OK, so this is a retard question...

If my '92 GMC Jimmy with the Vortec V6 is a 262 3/4 Chev V8 --- what exactly is my '92 Pontiac Bonneville'* V6/231 made of, a Buick?

Be easy on me.


In the 70s, with the advent of the gas crisis and the demand for a versatile, lightweight, and inexpensive engine, Buick bought the design back from Jeep in 1974. The little V6 was reworked so that it could be made on the same assembly line as the Buick 350, which entailed making the bore 3.800". Using this bore size, it could share pistons and other parts with the V6. This engine retained the original designs "odd-fire" design.

In 1977, Buick redesigned the firing order to make it a smoother running engine by revising the crank throws. This was a mid-year change, so some odd-fire and some even-fire V6s were made during 1977. The new even-fire engine still retained the same bore spacing as the odd-fire version, so the bores were no longer centered over the rods and the engine had to be under balanced and soft motor mounts were used. The balancing took care of the vertical component of the vibrations and the motor mounts took care of the horizontal component.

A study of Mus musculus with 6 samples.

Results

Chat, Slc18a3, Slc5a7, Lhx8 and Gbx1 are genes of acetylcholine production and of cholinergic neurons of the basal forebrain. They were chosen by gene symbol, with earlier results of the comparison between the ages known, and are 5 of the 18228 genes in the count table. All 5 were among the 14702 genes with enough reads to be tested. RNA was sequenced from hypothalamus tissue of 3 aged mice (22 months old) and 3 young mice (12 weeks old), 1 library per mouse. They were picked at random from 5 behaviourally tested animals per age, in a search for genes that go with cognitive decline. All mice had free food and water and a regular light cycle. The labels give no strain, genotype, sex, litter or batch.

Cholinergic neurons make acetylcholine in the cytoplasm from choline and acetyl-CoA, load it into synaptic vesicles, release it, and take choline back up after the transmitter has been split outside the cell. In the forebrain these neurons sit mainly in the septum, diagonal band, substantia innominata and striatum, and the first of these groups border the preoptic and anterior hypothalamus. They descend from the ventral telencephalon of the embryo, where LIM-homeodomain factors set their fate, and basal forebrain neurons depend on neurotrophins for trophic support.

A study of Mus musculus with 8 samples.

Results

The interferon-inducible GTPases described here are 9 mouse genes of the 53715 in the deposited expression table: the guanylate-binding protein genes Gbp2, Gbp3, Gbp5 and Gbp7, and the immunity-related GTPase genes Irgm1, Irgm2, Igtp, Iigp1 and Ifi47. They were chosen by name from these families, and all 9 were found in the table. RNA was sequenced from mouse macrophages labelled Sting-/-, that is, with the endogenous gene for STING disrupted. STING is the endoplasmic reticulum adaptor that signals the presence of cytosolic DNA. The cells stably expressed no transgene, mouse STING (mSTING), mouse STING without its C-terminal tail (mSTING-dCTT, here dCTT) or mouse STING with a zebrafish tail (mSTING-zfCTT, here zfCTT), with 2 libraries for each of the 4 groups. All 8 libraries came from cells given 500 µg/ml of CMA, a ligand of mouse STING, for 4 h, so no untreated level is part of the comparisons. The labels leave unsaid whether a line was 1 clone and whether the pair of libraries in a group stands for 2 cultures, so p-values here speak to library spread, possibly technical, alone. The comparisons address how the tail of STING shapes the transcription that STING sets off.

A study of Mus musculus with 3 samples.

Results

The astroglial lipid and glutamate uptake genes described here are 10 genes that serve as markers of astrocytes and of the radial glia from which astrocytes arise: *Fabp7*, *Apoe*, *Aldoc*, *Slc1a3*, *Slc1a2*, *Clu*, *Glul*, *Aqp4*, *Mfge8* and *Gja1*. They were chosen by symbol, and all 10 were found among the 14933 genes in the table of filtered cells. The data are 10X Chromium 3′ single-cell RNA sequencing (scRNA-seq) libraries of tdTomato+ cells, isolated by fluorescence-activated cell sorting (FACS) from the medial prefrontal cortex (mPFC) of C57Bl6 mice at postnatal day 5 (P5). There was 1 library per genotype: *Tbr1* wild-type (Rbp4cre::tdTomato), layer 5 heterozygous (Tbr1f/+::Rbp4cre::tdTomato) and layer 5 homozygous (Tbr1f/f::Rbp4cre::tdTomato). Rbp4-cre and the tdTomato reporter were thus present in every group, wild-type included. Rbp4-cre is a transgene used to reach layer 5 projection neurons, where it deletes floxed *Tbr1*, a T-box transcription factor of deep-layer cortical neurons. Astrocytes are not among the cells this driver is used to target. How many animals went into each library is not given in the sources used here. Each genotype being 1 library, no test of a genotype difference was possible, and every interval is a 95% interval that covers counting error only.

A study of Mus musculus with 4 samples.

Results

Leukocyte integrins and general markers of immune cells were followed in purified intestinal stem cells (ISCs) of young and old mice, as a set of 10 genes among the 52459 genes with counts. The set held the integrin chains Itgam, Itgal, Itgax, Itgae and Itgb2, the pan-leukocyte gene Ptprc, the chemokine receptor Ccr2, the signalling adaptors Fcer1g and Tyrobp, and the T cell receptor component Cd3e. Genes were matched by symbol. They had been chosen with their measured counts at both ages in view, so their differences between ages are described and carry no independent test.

Several variations of the 231" V6 were made over the years, including the 3.0 liter in some of the early 80s front wheel drive cars, the 4.1 liter used in some of the larger rear wheel drive cars, and of course, the turbo 3.8 variations used in the various Sport Coupes, turbo Regals, some early '80-81 Monte Carlos, and some of the Riviera'*.
In a nutshell, yes, your motor is a Buick.